Ethics & Public Policy Center

Fifteen Minutes

Published in EPPC Online on February 1, 2001



John Herzfeld’s 15 Minutes makes the typical mistake of movies that attempt to satirize the celebrity-obsessed media culture of which, inevitably, they themselves are a part. In fact, so reliably do movies like Oliver Stone’s Natural Born Killers or Costa Gavras’s Mad City get it wrong that the suspicious-minded might be tempted to think that these alleged “satires” are actually intended to provide cover for the corrupt and irresponsible media that are their ostensible targets. Thus, too, in 15 Minutes, the appearance in cameo roles of Roseanne and Peter Arnett ought to be the tip-off that, awful as media people may otherwise be, their willingness to acknowledge their own awfulness and even to make fun of it is the most awful thing about them. Qui s’accuse s’excuse, as the French say, and here’s the proof of it. Media people in self-critical mode are not really sorry for or ashamed of what they do but secretly proud of it.

You can tell because they always accuse themselves of the wrong thing—of having no scruples. In fact they go through scruples like hairspray. They’re nothing but scruples. That’s just the problem. The more they agonize about the heavy burden of their responsibility to their audience the more they prove that they are so tightly packed with conscience that you couldn’t slip a match-head in them along with it—and obviously anyone so bursting with conscience can be trusted to do pretty much as he likes. 15 Minutes comes under the heading of yet another redundant demonstration of the media’s conscience. The talk show host, Robert Hawkins (Kelsey Grammar) is supposed to be willing to do anything to get a leg up on the competition, even to pay a murderer in order to show his murder on screen.

Of course, when it comes to intruding into someone’s privacy, or using the most lurid film stock of crime or accident victims, TV news and talk shows are willing to go pretty far, but we can’t really believe that even a sleaze like Hawkins would collude with a murderer to bring his own videotape to the TV screen for the sake of money and publicity. Apart from anything else, it would make it clear to the world that he was a sleaze. As the fire chief in this movie says, “perception is reality” for these people, and such a stunt would produce some very bad perceptions. No, the problem isn’t that they don’t have a conscience but that their conscience is always on display—which means that it isn’t conscience at all but the show of conscience.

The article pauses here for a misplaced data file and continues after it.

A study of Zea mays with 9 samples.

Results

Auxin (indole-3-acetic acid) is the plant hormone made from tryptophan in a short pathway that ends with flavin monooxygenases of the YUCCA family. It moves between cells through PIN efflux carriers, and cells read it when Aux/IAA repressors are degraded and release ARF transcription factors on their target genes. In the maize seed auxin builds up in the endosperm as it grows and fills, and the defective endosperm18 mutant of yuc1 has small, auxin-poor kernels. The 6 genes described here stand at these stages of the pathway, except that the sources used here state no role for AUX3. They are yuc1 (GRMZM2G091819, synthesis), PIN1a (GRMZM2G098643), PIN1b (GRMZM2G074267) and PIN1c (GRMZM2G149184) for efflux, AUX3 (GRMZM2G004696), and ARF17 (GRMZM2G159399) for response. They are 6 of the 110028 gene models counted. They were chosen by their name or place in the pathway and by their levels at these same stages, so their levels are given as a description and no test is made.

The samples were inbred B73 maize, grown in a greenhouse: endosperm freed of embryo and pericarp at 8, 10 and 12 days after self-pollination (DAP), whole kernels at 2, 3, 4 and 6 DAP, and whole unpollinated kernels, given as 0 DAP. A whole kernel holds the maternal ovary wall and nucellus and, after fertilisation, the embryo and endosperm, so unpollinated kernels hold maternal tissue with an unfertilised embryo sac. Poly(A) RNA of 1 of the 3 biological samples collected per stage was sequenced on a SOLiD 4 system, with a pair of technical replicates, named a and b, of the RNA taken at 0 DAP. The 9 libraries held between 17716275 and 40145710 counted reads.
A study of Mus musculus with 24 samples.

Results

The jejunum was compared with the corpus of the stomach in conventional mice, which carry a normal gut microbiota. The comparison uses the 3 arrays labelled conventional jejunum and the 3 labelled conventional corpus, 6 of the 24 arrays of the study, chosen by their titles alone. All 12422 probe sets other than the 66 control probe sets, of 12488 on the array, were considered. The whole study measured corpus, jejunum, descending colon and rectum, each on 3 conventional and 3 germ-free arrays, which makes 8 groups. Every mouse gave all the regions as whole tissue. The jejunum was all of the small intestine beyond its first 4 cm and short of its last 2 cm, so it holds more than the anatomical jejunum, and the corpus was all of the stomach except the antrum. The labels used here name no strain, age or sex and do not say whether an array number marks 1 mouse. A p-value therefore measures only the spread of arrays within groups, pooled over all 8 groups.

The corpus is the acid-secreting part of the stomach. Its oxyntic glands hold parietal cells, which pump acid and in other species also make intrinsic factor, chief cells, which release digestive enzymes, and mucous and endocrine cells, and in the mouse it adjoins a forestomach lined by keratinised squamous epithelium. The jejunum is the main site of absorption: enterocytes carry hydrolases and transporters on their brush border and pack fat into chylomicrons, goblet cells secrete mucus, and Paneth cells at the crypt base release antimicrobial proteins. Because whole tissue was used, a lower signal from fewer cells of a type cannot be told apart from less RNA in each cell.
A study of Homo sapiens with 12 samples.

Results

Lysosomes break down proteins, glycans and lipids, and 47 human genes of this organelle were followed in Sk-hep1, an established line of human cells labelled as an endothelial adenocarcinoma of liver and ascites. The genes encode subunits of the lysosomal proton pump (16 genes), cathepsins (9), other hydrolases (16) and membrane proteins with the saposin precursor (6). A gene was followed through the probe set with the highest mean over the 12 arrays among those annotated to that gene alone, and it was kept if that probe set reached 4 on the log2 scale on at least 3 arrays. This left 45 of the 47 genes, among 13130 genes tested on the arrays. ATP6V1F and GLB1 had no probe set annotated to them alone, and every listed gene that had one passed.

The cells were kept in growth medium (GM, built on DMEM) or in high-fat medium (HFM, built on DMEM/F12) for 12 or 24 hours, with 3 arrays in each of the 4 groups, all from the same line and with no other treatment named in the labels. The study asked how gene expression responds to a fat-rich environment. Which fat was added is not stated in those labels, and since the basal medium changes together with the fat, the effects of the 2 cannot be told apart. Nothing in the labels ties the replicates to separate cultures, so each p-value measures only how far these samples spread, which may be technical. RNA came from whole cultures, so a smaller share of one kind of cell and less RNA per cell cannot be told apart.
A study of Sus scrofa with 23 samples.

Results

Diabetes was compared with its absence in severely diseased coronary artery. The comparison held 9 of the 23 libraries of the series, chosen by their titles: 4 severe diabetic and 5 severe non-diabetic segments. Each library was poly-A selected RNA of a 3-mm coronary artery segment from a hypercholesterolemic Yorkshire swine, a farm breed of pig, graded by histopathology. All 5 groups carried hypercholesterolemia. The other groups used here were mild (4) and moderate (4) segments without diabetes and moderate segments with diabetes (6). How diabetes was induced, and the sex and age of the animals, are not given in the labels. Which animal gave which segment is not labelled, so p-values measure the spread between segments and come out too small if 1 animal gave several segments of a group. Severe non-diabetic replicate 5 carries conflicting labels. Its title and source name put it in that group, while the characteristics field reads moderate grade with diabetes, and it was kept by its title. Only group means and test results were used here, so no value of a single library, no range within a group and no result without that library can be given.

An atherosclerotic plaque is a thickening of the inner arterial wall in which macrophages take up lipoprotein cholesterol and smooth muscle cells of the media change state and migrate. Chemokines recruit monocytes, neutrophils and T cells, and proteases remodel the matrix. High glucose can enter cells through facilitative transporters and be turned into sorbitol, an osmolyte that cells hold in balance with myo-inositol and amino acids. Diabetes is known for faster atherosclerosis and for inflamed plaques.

The film does make some effort to catch the appalling sanctimoniousness of Hawkins, but what it misses is what we should surely see the most of from any real Hawkins, namely his public agonizing about whether or not he has “gone too far” with the things that he has shown on the air. We hear him saying of his showing of the murder tape that “I do so with a heavy heart…but, as a journalist, I am obligated to do it.” But this is mere hypocrisy. When the camera is off him the guy has no conscience at all. A real talk show host in place would really have a heavy heart—and would really believe in that guff about his responsibilities as a journalist, not merely use it as a cover for his drive to win ratings.

In somewhat the same way, the depiction of the Russian murderer, Emil Slovak (Karel Roden) does not ring true. Conservatives may think that their views are being flattered when Herzfeld makes this monster say: “I love America: Nobody is responsible for what they do” and for seeing at once the potential for exploitation by the unscrupulous of the idea of “low self-esteem.” His plan is to make himself rich and famous and get himself off several murder raps by pleading insanity. Or low self-esteem. “We are insane,” he says in broken English; “who else but crazy man would film their crimes?” But when the camera is off him he exults that “because of your double jeopardy law, we can’t be tied for the same crime twice. We come out free, rich and famous.”

“You think a jury will believe that?” he is asked.

“You watch crybaby talk shows all day long,” he says. “Americans will believe; they will cry for me.” And it begins to look as if he’s right, too, until he makes what might seem the rather obvious mistake of selling his story to the media before he is put on trial. Presumably, Herzfeld is letting his story run a bit long and hasn’t got the time for a trial. Either that or he’s fudging the fact that there are several laws which would prevent Emil from exploiting the system in the way that he plans, or hamstringing the police as he does with the help of the media and his crooked lawyer. By pretending to ourselves that even a ruthless killer like this could work the system to make murder pay we lose sight of the things that less luridly presented villains actually can do to exploit and corrupt the system. Could that have been the intention of this wildly exaggerated fable?